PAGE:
The Supreme Court Decision on Jerusalem

On Monday, June 8, 2015 the Supreme Court of the United States (SCOTUS) sided with President Obama in a dispute with Congress over how Jerusalem should be treated on US passports. In a split decision SCOTUS ruled Congress might not require the State Department to indicate in passports that Jerusalem is part of Israel. The vote was 6 to 3, with Chief Justice John G. Roberts Jr. and Justices Antonin Scalia and Samuel A. Alito Jr. dissenting.

The decision upheld a ruling of the US Court of Appeals for the DC Circuit Court striking the 2002 law passed by Congress, that allows US citizens born in Jerusalem to list Israel as their country of birth, as unconstitutional. This issue, involving Israel, has been one of the most sensitive issues in US foreign policy. Ever since the US recognized Israel in 1948, US presidents have consistently held that Jerusalem is not under the sovereignty of any country. That the SCOTUS sided with the President in its decision is not a surprise as the Court often, but not always, upholds the foreign policy powers of the President as contained in Article II of the US Constitution.

The parents of 12-year-old Menachem Binymin Zivotofsky, who was born in Jerusalem, brought the case before the Court. The parents asked the State Department for a passport for Menachem that listed “Jerusalem, Israel” as his birthplace. The State Department refused to do so and the dispute has been in the legal system since then. The case was heard before the Court on November 14, 2014 with the split decision coming on June 8. The decision is a victory for President Obama and a loss for Congress. Justices dissenting said that the majority opinion could weaken the role of Congress in foreign policy. The majority opinion while siding with the President, recognized the role of Congress in foreign policy, but was clear the President has the authority to make foreign policy.


In 2002 Congress passed and the President signed into law the Foreign Relations Authorization Act. Section 214(d) titled “US Policy with Respect to Jerusalem as the Capital of Israel” stated “For purposes of the registration of birth, certification of nationality, or issuance of a passport of a United States citizen born in the city of Jerusalem, the Secretary shall, upon the request of the citizen or the citizen’s legal guardian, record the place of birth as Israel.”

President George W. Bush signed the law, but made clear he would not follow the Jerusalem provision because it interfered with the President’s constitutional authority to conduct foreign policy. The Obama Administration also objects to the provision and has refused to follow it. In its Supreme Court briefs, the Obama Administration told the justices that the status of Jerusalem should be resolved by negotiations between Arabs and Israelis. Consequently, the law has never been enforced much to the chagrin of supporters of the law and the numerous Americans born in Jerusalem. 

The Reaction

Some will correctly argue that the Court’s decision is about the separation of powers between the Executive and Legislative branches, and not about Israel. Still, opponents of the decision will argue, forcibly, it is about Israel and attempts to blame the President for what they perceive as a weakening of support for Israel, disregarding the legal ramifications of the decision.

Although the liberal “Americans for Peace Now” welcomed the decision, other pro-Israel and Jewish groups are expressing their outrage at the decision. Abraham Foxman, National Director of the Anti-Defamation League, said the Court has “…effectively given a stamp of approval to the offensive State Department policy that singles out Israel for special treatment.” The Jewish Federations of North America and Union of Orthodox Jewish Congregations of America said that Jerusalem’s status as Israel’s capital was a “factual reality,” and expressed its support as well for an appeal to the Supreme Court. Predictions are risky, but it is unlikely the Court will hear the case again.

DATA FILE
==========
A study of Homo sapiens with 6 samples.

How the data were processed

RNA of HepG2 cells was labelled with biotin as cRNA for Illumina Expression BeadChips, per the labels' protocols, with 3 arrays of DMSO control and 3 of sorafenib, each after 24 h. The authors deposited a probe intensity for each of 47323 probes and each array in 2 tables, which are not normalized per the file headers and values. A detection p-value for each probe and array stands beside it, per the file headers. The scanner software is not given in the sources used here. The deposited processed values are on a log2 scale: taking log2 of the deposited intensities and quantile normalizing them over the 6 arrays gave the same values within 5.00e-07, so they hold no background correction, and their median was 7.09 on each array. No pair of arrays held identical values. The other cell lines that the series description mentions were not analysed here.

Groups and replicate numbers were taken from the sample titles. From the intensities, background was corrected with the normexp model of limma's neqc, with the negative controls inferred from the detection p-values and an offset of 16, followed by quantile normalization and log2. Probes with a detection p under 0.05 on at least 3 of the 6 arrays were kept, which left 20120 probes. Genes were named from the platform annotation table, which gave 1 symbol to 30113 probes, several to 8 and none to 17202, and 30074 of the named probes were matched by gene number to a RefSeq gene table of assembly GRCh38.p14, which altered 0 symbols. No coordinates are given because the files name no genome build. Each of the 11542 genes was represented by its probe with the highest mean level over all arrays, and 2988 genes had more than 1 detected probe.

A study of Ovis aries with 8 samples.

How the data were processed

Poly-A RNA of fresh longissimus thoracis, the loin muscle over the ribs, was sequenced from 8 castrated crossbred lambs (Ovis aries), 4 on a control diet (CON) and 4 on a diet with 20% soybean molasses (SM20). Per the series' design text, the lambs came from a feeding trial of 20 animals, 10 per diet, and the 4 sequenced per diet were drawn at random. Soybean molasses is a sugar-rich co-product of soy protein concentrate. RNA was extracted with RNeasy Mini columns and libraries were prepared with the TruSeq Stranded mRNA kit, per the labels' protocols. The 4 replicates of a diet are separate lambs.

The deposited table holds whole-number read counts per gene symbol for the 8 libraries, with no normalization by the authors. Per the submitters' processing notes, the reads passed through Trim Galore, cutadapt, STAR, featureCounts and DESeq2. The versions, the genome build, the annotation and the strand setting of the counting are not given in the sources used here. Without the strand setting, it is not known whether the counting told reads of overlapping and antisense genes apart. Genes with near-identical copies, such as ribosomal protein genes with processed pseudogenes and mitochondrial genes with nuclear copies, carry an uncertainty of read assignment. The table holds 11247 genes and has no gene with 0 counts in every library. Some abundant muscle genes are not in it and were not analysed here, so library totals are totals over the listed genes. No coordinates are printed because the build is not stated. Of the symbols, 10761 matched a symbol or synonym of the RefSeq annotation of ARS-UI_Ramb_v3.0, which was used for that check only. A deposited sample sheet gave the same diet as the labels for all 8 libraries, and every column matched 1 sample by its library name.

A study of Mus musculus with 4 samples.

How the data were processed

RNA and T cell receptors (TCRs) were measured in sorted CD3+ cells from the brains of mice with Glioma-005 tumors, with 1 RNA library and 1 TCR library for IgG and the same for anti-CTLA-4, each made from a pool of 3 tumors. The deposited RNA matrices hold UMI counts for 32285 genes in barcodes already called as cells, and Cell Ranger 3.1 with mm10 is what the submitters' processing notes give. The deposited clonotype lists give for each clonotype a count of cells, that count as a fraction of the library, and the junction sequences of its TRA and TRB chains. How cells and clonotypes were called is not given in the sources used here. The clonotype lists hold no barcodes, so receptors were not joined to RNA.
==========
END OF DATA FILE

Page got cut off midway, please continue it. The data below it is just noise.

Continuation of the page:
Conservative pro-Israel members of Congress also oppose the decision. How they will react is not yet clear but there are ways in which Congress can register its opposition to the decision. The Senate could refuse to confirm a new US Ambassador to Israel or any other ambassadorial appointment it chooses, hoping to force the President to uphold the 2002 law. Congress also could vote against easing trade restrictions or entering into treaties, or any other legislative action that would demonstrate its displeasure with the decision. At this point relations between President Obama and congressional Republicans are so frosty, it is doubtful he would be swayed by legislative actions.

The Congressional Israeli Allies Caucus led by Representative Doug Lamborn (R-Colorado) and supported by Representative Brad Sherman (D-California), are calling for the US Embassy to be moved to Jerusalem, which they assert is the capital of Israel. It is possible that Congress could vote to remove the waiver provision from the Jerusalem Embassy Act of 1995, requiring the US Embassy be moved to Jerusalem. The Act provides for a national security interests waiver preventing a move, which every President since Bill Clinton has invoked. A move such as this would be typical of zealous groups who try to legislate the status of Jerusalem in isolation of the context of Israeli-Palestinian negotiations. However, given the overwhelming support for Israel in this Congress, such a move might succeed in the House, but hopefully saner heads may prevail in the Senate.


Despite the outcry against the decision by pro-Israel groups, the decision in no way alters US policy toward Israel and should not be interpreted as doing do. US support for Israel will remain strong, despite the ruling and the current tensions in the relationship, brought on by personal tension between President Obama and Prime Minister Netanyahu.